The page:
The Art of the Unseen: Invisible Effects with Wolverine VFX & Mocha Pro

Tags: Adobe After Effects, Mocha Pro

Blockbuster visual effects typically get all the glory. For the LA-based team at Wolverine VFX, the glory is in what you can’t see — the invisible visual effects, graphics, and motion design you don’t notice. The boutique, founded by veteran VFX artist Chuck Dulin in 2013, has left an invisible mark on high-end episodic and film projects for clients including Amazon, CMT, NBC, Netflix, and Universal Pictures.

Wolverine VFX team photo

(Wolverine VFX, pictured L-R: Jerad Riojas, Chuck Dulin, Nancy Dulin, Tyler Shanklin)

The team works on between 2-4 shows at once with an average of 10-20 shots per episode while also acting as an emergency VFX shop. Daily tasks range from removing unwanted elements to screen replacements to de-aging talent and beauty work to creating elaborate set extensions. “Mocha Pro has been with us since the beginning. It’s our go-to tool, not only for tracking and removals but for creating masks and roto splines,” says Chuck. “Mocha Pro’s plug-in inside After Effects has made our work much easier and sped up our overall Adobe workflow (After Effects, Premiere Pro, Photoshop, and Illustrator) which means we can get shots back to the client when they need them.”

“I love telling our clients, ‘Yes, we can do that!’ and then surprising them when the budget isn’t $100 grand!” continues Chuck. “When I think about the amount of time these shots would have taken 10 years ago, I’m shocked. The industry has changed from a technical challenge to a creative problem-solving experience.”

Wolverine recently tackled what would have previously been an extremely tricky remove on the Netflix original series Seven Seconds. The series, which takes place in New York, features a shot circling the Statue of Liberty. Unfortunately, the shot also prominently featured a crane from a nearby construction site. “Typically, removing a crane isn’t too difficult, but this was front and center in a constantly sweeping camera move, meaning the crane crossed over many buildings and plant life,” notes Chuck. “The client asked us what was possible. We turned to Mocha Pro’s Remove Module and found that it helped get us much of the way to our final shot! There was a little clean-up and finessing needed, however, the results thoroughly impressed our clients.”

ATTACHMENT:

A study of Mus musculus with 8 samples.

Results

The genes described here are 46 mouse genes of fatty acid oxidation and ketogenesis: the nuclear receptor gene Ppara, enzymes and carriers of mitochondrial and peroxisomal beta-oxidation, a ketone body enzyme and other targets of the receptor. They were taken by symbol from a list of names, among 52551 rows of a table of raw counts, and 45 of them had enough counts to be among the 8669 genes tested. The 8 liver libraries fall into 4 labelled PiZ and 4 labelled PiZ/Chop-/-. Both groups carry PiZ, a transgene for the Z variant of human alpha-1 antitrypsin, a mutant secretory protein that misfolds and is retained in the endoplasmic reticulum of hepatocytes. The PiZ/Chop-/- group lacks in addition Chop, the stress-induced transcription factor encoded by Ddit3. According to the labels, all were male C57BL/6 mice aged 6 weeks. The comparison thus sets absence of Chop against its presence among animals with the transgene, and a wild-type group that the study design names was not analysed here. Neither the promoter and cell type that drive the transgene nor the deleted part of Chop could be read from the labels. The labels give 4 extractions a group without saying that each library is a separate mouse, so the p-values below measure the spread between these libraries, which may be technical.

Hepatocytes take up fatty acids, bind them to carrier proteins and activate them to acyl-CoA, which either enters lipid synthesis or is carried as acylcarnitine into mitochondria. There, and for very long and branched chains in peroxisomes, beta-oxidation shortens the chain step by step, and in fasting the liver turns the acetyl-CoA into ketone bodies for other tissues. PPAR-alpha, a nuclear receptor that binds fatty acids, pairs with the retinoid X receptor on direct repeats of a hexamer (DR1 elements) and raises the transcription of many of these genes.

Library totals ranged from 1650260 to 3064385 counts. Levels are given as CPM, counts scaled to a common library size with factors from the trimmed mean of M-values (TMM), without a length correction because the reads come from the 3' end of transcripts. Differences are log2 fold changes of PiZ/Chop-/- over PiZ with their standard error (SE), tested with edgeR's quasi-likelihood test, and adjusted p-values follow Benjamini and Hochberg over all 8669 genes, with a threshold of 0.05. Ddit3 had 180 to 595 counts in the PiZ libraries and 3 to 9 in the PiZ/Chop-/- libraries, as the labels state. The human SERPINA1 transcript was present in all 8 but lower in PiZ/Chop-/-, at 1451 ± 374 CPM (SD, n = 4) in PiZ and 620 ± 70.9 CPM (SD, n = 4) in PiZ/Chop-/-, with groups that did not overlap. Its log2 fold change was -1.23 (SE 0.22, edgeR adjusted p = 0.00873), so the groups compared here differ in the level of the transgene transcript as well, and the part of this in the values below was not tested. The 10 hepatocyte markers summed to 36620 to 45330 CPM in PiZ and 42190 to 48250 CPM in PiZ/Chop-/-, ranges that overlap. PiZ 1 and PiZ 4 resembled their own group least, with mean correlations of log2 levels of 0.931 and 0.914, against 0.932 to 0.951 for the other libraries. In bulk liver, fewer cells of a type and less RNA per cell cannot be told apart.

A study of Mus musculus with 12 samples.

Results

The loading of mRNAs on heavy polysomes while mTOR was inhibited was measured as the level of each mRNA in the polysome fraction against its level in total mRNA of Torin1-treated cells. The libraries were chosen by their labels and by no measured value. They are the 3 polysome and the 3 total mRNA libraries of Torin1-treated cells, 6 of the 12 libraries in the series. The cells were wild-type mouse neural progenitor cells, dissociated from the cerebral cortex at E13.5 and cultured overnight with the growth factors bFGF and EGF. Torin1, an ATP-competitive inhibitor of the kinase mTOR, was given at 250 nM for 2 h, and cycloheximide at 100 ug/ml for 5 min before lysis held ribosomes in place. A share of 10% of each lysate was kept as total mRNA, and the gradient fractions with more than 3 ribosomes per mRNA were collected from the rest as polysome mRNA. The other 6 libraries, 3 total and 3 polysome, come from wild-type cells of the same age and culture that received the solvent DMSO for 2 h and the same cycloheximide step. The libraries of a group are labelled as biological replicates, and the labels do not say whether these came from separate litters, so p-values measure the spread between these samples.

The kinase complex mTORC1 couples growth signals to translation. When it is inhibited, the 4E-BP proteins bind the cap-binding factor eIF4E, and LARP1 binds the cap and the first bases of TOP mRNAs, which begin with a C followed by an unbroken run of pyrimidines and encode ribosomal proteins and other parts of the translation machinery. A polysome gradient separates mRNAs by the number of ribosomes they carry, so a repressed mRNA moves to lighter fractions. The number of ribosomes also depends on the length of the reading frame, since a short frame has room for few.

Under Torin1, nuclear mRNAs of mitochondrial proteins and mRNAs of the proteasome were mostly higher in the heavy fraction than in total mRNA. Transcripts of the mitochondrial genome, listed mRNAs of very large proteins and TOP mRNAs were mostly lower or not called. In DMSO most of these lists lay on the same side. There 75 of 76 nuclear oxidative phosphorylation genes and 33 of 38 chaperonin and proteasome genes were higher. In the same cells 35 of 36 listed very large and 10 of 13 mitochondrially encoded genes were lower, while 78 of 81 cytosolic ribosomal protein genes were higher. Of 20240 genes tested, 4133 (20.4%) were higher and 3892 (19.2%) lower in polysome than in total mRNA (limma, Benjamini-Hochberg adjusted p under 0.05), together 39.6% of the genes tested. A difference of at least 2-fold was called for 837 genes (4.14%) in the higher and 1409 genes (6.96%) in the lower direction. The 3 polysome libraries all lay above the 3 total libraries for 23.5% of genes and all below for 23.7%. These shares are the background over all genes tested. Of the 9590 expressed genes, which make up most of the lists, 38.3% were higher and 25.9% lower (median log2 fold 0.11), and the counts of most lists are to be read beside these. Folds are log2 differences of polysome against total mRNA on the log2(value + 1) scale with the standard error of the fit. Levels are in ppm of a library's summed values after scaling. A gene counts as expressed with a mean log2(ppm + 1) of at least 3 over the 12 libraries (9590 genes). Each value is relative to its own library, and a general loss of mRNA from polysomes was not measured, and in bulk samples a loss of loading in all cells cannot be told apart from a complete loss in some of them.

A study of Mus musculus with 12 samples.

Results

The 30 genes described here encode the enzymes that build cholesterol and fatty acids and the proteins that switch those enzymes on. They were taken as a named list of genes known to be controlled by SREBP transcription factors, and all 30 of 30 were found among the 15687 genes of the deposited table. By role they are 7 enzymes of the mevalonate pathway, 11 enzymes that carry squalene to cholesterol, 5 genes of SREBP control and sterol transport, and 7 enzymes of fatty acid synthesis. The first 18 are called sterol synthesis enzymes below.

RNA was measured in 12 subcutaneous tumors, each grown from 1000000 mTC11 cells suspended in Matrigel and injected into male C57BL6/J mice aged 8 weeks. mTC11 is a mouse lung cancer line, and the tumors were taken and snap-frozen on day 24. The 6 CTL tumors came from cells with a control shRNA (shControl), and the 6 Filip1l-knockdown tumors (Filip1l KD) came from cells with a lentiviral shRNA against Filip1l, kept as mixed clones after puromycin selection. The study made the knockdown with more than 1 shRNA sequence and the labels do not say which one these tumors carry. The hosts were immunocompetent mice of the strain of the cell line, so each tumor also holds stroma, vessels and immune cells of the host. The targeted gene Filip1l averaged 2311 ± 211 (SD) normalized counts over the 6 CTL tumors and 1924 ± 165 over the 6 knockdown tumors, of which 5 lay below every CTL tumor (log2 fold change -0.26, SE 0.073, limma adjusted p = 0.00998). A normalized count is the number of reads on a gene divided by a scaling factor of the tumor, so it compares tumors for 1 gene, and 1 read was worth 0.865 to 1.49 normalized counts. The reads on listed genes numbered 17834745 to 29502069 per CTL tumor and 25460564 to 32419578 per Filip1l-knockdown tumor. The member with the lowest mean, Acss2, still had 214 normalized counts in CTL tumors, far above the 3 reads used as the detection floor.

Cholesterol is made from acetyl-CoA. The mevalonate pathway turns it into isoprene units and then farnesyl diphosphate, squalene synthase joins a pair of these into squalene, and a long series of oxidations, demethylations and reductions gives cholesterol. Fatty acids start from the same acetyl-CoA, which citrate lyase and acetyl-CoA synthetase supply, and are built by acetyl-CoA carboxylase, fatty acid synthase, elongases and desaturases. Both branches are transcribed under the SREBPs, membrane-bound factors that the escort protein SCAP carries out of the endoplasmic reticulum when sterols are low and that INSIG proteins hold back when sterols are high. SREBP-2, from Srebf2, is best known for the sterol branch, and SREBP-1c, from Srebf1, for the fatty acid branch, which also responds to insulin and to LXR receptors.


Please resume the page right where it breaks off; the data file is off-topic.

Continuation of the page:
(Netflix Seven Seconds: Crane remove with Mocha Pro)

(CMT Nashville: Camera remove with Mocha Pro)

Mocha Pro’s powerful time-saving features played a dual role on the indie sci-fi thriller Thirst. Wolverine transformed the natural background of LA’s aqueducts (trees, power lines, and water) into a dystopian wasteland with a giant refinery set extension. The team used Mocha to rotoscope the actors from the foreground before adding the set extension. In another scene, Wolverine enhanced the burn makeup on an actor’s arm after it boils and smokes when a drop of water hits it. “Mocha allowed us to create a seamless VFX and successfully track the actor’s arm, ensuring the effect didn’t slip,” comments Chuck.

Wolverine VFX: Thirst original image before set extension(Thirst: Original shot of Los Angeles aqueduct)

Thirst: Image of Mocha interface with actor being rotoscoped

(Thirst: Rotoscoped actor using Mocha Pro inside After Effects)

Thirst: Final shot with refinery set extention

(Thirst: Final shot with refinery set extension)

(Thirst: Tracking VFX with Mocha Pro)

As artists, Chuck and his team are always looking for new outlets to spark their creative juices. Layton’s Mystery Journey, a 30-second spot for a puzzle App & video game, provided such an opportunity. The team used Mocha’s roto and masking tools to add a fuzzy CGI-hamster into a live action sequence delivering instant comedic laughs.

“Most every shot we work on that needs tracking gets brought into Mocha Pro,” says Chuck. “Mocha Pro’s planar tracking features allow us to track damn near anything we want: foregrounds, blurry backgrounds, even constantly changing skin, random bits of camera equipment, and the occasional wardrobe malfunction.”